When Occupy protesters chained themselves together with PVC pipes outside the Port of Houston in December, they might have expected to get arrested and perhaps even charged with misdemeanors for disturbing the peace, but they did not imagine getting felony charges and attorney Greg Gladden says they did, and the resulting charges are wrong."Entrapment is one term," Gladden said. "Police misconduct might be another term."
"There is no probable cause to be charging these people with felonies for this free speech demonstrations," Gladden said.
"The police officers went and bought the material, manufactured what they're calling "sleeping dragons," also known as lockboxes."
Gladden represents Ronnie Garza, one of the protestors arrested that day and charged with an obscure law -- unlawful use of a criminal instrument. The law makes it a felony for someone to manufacture something for the sole purpose of committing a crime. The instruments in this case were "lockboxes" made of large PVC pipes and other materials.
Soon after Occupy Austin protesters began their months-long demonstration at City Hall last fall, Austin police officials assigned at least three undercover officers to infiltrate the group to gather intelligence on any plans that might break the law.Austin Chronicle asks:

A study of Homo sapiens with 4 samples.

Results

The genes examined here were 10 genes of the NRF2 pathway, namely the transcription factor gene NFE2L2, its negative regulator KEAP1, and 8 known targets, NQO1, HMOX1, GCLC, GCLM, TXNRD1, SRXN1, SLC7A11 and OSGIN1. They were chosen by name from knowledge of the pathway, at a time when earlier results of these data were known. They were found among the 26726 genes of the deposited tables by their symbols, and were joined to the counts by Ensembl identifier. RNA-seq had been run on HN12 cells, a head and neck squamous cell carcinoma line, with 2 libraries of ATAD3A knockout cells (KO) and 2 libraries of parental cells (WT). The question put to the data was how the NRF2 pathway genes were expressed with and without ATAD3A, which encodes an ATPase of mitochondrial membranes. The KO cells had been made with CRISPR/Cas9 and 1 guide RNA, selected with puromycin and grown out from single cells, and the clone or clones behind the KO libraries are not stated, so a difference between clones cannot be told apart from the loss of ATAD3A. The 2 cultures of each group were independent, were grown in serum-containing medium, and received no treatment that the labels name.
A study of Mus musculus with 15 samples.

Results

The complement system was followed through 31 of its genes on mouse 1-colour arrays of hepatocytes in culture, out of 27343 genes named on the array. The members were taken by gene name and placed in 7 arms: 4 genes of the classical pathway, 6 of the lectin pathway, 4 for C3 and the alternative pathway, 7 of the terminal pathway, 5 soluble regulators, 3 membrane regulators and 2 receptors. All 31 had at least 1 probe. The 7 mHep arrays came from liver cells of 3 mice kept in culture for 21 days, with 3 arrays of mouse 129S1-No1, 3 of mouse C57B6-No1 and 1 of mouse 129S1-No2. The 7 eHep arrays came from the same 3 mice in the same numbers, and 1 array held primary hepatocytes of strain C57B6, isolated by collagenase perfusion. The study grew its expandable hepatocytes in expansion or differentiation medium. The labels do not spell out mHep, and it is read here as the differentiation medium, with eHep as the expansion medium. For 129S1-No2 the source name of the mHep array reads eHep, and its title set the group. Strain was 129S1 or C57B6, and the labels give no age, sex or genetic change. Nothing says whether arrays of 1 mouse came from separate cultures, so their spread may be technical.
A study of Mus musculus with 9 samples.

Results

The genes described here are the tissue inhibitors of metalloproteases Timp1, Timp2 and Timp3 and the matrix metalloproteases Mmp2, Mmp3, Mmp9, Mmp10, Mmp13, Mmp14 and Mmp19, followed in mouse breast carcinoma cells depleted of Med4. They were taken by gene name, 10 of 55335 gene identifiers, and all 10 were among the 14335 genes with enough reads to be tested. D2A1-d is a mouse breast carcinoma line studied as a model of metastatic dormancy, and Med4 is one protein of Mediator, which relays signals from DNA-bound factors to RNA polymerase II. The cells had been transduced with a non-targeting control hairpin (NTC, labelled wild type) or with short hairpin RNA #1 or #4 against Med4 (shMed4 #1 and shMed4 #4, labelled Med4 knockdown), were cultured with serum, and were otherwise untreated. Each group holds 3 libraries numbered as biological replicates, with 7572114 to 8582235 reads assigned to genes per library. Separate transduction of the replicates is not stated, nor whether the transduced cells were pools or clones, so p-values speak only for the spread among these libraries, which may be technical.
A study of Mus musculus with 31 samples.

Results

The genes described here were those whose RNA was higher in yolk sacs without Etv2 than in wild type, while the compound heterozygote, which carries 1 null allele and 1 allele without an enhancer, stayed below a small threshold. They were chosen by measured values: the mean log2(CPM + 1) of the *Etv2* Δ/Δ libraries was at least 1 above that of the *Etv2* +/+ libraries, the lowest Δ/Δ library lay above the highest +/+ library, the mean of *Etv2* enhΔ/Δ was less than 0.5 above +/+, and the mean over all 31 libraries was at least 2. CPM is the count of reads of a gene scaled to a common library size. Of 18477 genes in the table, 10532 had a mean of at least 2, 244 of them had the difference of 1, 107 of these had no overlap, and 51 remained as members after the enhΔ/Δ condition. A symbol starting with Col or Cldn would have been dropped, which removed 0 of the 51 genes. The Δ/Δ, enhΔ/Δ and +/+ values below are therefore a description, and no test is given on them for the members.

The officers camped with other participants in the movement, marched in rallies and attended strategy meetings with Occupy Austin members.
The officers also may have crossed a fine line in undercover police work: They helped plan and manufacture devices - often called "lockboxes" - that allowed Occupy members to tie themselves together during a protest in Houston, according to interviews and court records. The use of the devices, which makes it harder for police to break up human chains, resulted in Houston police filing felony charges against seven protesters who had attempted to block a port entrance in Houston on Dec. 12. include behind-the-scenes details of the lengths the Police Department went to in its efforts to monitor and control the Occupy Austin movement, which maintained a presence at City Hall for nearly five months. According to court documents, police brass up to and including Chief Art Acevedo approved the infiltration operation.
Did an undercover Austin Police detective induce members of Occupy Austin to commit felony obstruction of a roadway during a demonstration in Houston in December 2011? Or, did he – and two colleagues – intervene in protester plans in order to keep them, and police and firefighters responding to the Houston protest, safe?
Harris County District Judge Joan Campbell decide next week whether the case will go forward. She will decide if the activists were induced into using lockboxes – which are not illegal to construct or to own, but are illegal when intended for use in a crime – the distinction that allowed the state to bump the misdemeanor obstruction charge into a felony offense for Garza and his fellow Occupiers. The testimony so far indicates this is so.
Austin Police Chief Sean Mannix said he does not believe any laws or departmental policies were violated, but he confirmed that the infiltration effort is the subject of a high-level internal review which is “absolutely looking into all aspects of what their undercover work was.”
I'm wishing best of luck to the occupiers. It is a travesty of justice in a democracy that voicing free speech can get you framed.